The New York Stories of Edith Wharton

The New York Stories of Edith Wharton

by Edith Wharton, Roxana Robinson


Edith Wharton wrote about New York as only a native can. Her Manhattan is a city of well-appointed drawing rooms, hansoms and broughams, all-night cotillions, and resplendent Fifth Avenue flats. Bishops’ nieces mingle with bachelor industrialists; respectable wives turn into excellent mistresses. All are governed by a code of behavior as rigid as it is precarious. What fascinates Wharton are the points of weakness in the structure of Old New York: the artists and writers at its fringes, the free-love advocates testing its limits, widows and divorcées struggling to hold their own. 

The New York Stories of Edith Wharton gathers twenty stories of the city, written over the course of Wharton’s career. From her first published story, “Mrs. Manstey’s View,” to one of her last and most celebrated, “Roman Fever,” this new collection charts the growth of an American master and enriches our understanding of the central themes of her work, among them the meaning of marriage, the struggle for artistic integrity, the bonds between parent and child, and the plight of the aged.

Illuminated by Roxana Robinson’s Introduction, these stories showcase Wharton’s astonishing insight into the turbulent inner lives of the men and women caught up in a rapidly changing society.

Product Details

ISBN-13: 9781590174364
Publisher: New York Review Books
Publication date: 08/17/2011
Series: NYRB Classics Series
Sold by: Penguin Random House Publisher Services
Format: NOOK Book
Pages: 464
File size: 739 KB

About the Author

Edith Wharton (1862–1937) was born in New York City. Her father, George Jones, was a relative of the Joneses that fashionable people proverbially strive to keep up with; her mother, Lucretia Rhinelander, came from one of the city’s oldest families. Raised in New York and in Europe, Edith Jones was twenty-three when she married Edward Robbins Wharton (known as Teddy). In 1902 they built themselves a forty-two-room house, The Mount, in Lenox, Massachusetts, but Teddy’s mental instability and financial irregularities led to a divorce in 1913, after which Edith moved to France, where she lived for the rest of her life. During the First World War, Wharton threw herself into war relief, traveling to the front lines and founding a charity for refugees, in recognition of which she was made a Chevalier of the Legion of Honor in 1916. Wharton published her first book, a collection of poems, in her teens and in 1897 achieved popular success as co-author of The Decoration of Houses, a treatise on aesthetics and interior design. Her first volume of short stories, The Greater Inclination, came out in 1899. Among the most famous of her many novels are The House of Mirth (1905), Ethan Frome (1912), The Custom of the Country (1913), and The Age of Innocence (1920), for which she received the Pulitzer Prize in 1921, the first woman to do so.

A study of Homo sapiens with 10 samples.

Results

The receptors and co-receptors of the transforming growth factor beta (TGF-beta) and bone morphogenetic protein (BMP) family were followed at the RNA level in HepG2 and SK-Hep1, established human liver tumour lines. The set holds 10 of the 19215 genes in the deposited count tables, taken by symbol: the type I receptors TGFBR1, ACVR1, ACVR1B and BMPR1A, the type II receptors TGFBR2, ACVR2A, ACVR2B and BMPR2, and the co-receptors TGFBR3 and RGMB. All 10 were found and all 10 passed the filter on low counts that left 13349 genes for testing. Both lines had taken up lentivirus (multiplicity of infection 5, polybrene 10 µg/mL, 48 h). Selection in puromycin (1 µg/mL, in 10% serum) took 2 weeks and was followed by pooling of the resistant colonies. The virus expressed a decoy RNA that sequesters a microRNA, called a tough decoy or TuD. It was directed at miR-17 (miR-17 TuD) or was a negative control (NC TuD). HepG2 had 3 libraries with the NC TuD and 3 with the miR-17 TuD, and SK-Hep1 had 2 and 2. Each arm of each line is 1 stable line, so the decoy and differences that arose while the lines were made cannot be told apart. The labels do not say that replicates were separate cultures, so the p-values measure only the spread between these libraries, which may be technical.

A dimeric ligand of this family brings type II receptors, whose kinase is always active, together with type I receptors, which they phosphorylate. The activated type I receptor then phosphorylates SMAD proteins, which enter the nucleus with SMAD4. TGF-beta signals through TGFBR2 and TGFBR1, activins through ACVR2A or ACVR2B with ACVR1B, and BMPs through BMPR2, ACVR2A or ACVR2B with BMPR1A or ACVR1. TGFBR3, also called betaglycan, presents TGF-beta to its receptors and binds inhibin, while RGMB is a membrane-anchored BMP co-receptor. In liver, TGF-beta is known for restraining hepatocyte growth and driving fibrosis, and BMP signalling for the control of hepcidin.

Roxana Robinson is the author of a biography of Georgia O’Keeffe and of six books of fiction, including the novelSweetwater and the story collection A Perfect Stranger. She is a Guggenheim Fellow and lives in New York City.

Date of Birth:

January 24, 1862

Date of Death:

August 11, 1937

Place of Birth:

New York, New York

Place of Death:

Saint-Brice-sous-Forêt, France


Educated privately in New York and Europe

Table of Contents

Mrs. Manstey's View
The Good May Come
The Portrait
A Cup of Cold Water
A Journey
The Rembrandt
The Other Two
The Quicksand
The Dilettante
The Reckoning
The Pot-Boiler
His Father's Son
Full Circle
Autres Temps . . . 
The Long Run
After Holbein
Pomegranate Seed
Roman Fever

Kasthu on LibraryThing More than 1 year ago
The New York Stories of Edith Wharton is a collection of 20 stories that Edith Wharton wrote over the course of her career. The stories are presented in the order in which they were published, so you get to see how Wharton¿s style grew over time. Her stories cover a wide range of people and places, from industrialists to artists and from ballrooms to tenements.In her novels, such as The House of Mirth or The Age of Innocence, Wharton tends to focus on the upper classes of turn-of-the-century New York, but what I like about her short stories is that she focuses on a wide range of people. Many of the stories have been published in other volumes (ie, ¿Pomegranate Seed¿ also appears in the Ghost Stories of Edith Wharton), but what I like about this collection really shows how she matured as a writer, from her first published story, ¿Mrs. Manstey¿s View¿ to ¿Roman Fever,¿ her last.The collection also showcases how New York, and in a larger sense, American, society changed between the mid-19th and early 20th centuries. Although Edith Wharton frequently satirizes the society of which she knew so much, there¿s still a deep love and respect for it¿after all, Wharton wrote what she knew the most about. According to the Introduction, ¿Edith learned the rules of this formal, restrained world, but she felt the presence of another unacknowledged one that seethed around her like an invisible mist. This was the one of emotions and ideas.¿ The conflict between the world she grew up in and the second is at the heart of these stories. I was interested in watching how many of her characters struggle with being an outsider or having an obsession with money, both qualities held Woburn in ¿A Cup of Cold Water.¿ In all, a fine collection of stories.